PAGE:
I've got Wireless network and one computer is connected by its WLAN card to it. But I want to add one new computer which I would like to plug into this one computer connected by wifi. And I've got question is it possible for to pass DHCP packets to this second computer from this wireless router.

Sorry for before edit post. – oneat Nov 2 '10 at 19:33

Very simply in windows, select the two network connections from "Network Connections" (this is found differently in each version of windows, in Windows XP it is in the control panel, in Windows Vista/7 it is a link from "Network and Sharing" in the control panel) and select "Bridge Connections".

Your two connections should be one coming from your "internet source" (e.g. a router or modem) and the other going onwards, either a second network jack or a wireless card. Obviously to do this you need at least two network connections, at least one of them "wired".


This may or may not work it's adapted from

  1. Create a backup of your interfaces file

    sudo cp /etc/network/interfaces /etc/network/interfaces.bak
  2. Setup loopback and your wired interfaces (lo and eth0 most likely). Remove whatever is currently in /etc/network/interfaces and replace it with what's below

    auto lo
    iface lo inet loopback
    auto eth0
    iface eth0 inet dhcp
  3. If you want to generate a WEP key for the wifi connection the following will generate a key (be sure to take note of it)

    dd if=/dev/random bs=1 count=13 2>/dev/null | xxd -p
  4. Setup your wireless interface (wlan0 most likely) set the IP addresses to whatever your network is using. Append the following to /etc/networking/interfaces. Wireless Key can be commented out if you don't want to use it.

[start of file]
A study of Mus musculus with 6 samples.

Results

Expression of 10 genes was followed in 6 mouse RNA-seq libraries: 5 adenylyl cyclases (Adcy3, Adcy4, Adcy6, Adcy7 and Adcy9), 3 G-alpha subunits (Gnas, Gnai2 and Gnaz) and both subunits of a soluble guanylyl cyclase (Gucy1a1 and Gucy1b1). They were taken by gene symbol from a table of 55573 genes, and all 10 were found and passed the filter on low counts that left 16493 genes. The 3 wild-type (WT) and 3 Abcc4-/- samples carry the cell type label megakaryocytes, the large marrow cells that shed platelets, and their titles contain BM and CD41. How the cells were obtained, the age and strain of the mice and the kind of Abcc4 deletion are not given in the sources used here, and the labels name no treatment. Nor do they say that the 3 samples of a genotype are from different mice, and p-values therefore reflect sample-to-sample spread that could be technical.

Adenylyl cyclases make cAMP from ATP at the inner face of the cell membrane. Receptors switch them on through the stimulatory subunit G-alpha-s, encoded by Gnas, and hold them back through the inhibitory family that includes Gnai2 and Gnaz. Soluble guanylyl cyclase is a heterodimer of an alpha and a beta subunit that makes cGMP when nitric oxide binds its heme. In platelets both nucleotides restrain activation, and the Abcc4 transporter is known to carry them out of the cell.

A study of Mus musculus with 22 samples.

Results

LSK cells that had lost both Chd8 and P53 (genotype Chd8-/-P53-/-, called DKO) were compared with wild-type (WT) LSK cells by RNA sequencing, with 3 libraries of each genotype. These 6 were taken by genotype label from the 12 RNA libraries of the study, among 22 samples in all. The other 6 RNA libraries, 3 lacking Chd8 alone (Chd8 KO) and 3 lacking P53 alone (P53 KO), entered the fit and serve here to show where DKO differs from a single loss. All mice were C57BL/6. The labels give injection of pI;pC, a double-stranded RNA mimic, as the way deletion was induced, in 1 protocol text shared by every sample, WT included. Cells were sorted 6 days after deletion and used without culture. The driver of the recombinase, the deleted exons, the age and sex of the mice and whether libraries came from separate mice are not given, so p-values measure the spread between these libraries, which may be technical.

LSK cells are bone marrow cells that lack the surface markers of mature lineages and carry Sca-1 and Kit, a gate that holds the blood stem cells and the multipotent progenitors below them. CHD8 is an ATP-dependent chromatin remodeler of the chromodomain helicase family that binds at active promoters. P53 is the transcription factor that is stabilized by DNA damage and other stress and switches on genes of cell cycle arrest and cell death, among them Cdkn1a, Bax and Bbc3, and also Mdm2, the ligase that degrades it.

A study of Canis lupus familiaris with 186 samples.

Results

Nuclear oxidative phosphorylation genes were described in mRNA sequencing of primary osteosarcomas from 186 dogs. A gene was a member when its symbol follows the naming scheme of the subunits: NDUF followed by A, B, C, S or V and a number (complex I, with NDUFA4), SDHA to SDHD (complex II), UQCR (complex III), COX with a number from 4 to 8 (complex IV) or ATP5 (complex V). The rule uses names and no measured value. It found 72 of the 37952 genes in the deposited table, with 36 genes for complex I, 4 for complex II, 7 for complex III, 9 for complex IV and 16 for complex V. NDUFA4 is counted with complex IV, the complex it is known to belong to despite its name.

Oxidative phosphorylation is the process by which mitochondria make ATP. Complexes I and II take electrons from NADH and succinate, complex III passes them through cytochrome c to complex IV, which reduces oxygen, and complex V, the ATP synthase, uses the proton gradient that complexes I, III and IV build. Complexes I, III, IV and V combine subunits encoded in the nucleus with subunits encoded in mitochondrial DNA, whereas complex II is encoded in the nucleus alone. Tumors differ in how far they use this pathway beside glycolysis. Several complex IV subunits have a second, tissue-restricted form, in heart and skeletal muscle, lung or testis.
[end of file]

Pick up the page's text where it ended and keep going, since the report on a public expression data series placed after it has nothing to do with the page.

auto wlan0
    iface wlan0 inet static
    wireless-mode master
    wireless-essid "UbuntuWireless"
    wireless-channel 1
    wireless-key <key goes here>
  5. Next bridge the two interfaces within /etc/networking/interfaces

    auto br0 iface br0 inet static
    bridge-ports eth1 wlan0

The document also states that this setup alone won't work as a Router supporting NAT/IP Forwarding, if you want that functionality you need to run the script that's mentioned in that article

try using backticks '`' to separate what you want formatted as 'code' – warren Nov 3 '10 at 0:45

I hope that someone will be able to post more specific instructions than these, I don't have time at the moment to look up tutorials.

First you'll need to decide what you need. Is it a switch or a router? IF you want to just connect several computer together, it's a switch. f you want to connect your WiFi/wired network to Internet, you'll need a router.

Next are wired network cards. You'll need obviously enough ports for each cable. There are cards available with multiple ports, so they could be a good solution.

Next you'll need a WiFi card which can run as an access point (if you need that!). Here's a list of some cards that support that capabilities (I haven't used that company's product, so I can't comment if it's good or bad. Anyway, it's not necessary.). There's a technical term fot that capability, but I can't remember it at the moment. It's not the same as ability to make an Ad-Hoc network.

After that you'll need an OS which can be used as a router. Most popular are various GNU/Linux distributions, but it can be done with windows too.